Two friends who grew cannabis at a grandmother’s house to raise money for Christmas have avoided jail.
Elliot Mackenzie and Cameron Reid also bought cannabis in bulk and sold it to friends in smaller bags to make a profit.
Police executed a drugs warrant at a house on Higher Antley Street in Accrington on November 7 last year, Burnley Crown Court was told.
Officers found Mackenzie and Reid, both 21, and another man in a back bedroom smoking the drug.
They were surrounded by snap bags of cannabis and cannabis plants worth around £2,300 and had £555 in loose cash.
David Macro, prosecuting, said father-of-one Reid had been growing and selling cannabis for nearly two months and was doing it to get money for Christmas.
He told the court: “He was doing it with his housemate and had been smoking cannabis himself since he was about 12 and decided to grow it to avoid having to buy it from dealers.
“He normally bought seven grammes for £70 and then re-bagged it to make a profit of about £20 overall. The loose cannabis was for his own personal use.”
Mr Macro said the house belonged to Mr Reid’s grandmother and both men had been living there rent-free.
The court was told how trained plumber Mackenzie had been selling cannabis from the house for about four-and-a-half months.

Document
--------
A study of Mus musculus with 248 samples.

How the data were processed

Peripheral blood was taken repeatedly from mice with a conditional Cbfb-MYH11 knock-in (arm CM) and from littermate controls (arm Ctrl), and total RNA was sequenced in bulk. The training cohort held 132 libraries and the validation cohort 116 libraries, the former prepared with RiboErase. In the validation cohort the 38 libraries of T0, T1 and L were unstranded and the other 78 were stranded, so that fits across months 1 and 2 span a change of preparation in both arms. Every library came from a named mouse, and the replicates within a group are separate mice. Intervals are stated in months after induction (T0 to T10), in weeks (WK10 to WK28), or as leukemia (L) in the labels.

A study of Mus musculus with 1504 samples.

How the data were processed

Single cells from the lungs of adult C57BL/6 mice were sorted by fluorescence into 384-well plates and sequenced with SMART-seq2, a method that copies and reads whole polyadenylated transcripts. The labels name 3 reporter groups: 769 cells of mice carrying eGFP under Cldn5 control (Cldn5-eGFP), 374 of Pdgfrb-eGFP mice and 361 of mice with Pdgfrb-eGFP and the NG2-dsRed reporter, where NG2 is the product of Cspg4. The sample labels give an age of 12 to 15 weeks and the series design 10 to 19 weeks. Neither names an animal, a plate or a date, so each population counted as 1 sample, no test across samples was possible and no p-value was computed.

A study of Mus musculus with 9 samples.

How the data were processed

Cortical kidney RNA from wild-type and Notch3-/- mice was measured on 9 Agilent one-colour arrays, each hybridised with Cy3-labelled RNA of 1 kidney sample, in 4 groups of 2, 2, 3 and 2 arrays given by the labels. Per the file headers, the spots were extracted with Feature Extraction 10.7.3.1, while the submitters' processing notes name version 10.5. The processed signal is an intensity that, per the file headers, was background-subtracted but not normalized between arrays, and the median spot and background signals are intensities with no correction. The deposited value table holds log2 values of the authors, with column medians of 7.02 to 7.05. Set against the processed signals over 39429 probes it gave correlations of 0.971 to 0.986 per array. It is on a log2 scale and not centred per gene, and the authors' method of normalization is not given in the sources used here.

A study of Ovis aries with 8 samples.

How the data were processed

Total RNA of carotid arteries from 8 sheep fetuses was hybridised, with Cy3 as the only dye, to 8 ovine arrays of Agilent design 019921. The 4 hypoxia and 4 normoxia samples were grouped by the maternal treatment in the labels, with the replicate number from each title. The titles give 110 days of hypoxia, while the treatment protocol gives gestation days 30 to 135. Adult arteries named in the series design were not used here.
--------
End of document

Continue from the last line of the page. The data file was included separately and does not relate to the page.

The former Accrington and Rossendale College student, who works for a local engineering firm, was smoking £20 a day of cannabis and started making his own because he couldn’t afford it, the court heard.
Philip Holden, defending, said it was an ‘unsophisticated offence’ and said their naivety was borne out by their early admissions of guilt.
He said: “These are two young men who are unlikely to come back before the court and are both either in or looking for work.”
Mackenzie, of Union Road, Oswaldtwistle, and Reid, of Higher Antley Street, Accrington, both pleaded guilty to producing cannabis and possession with intent to supply.
They were committed to prison for 26 weeks, suspended for 18 months, and ordered to carry out 15 hours unpaid work.
Judge Robert Altham said it was an ‘extremely foolish piece of offending’.
Sentencing, he said: “It mystifies me why the two of you, who are clearly capable of being decent young men, could ever be sufficiently stupid to put yourself in this position.
“This was a commercial set up intending to return a profit which I have no doubt it did.
“You are both capable of doing so much better than this.”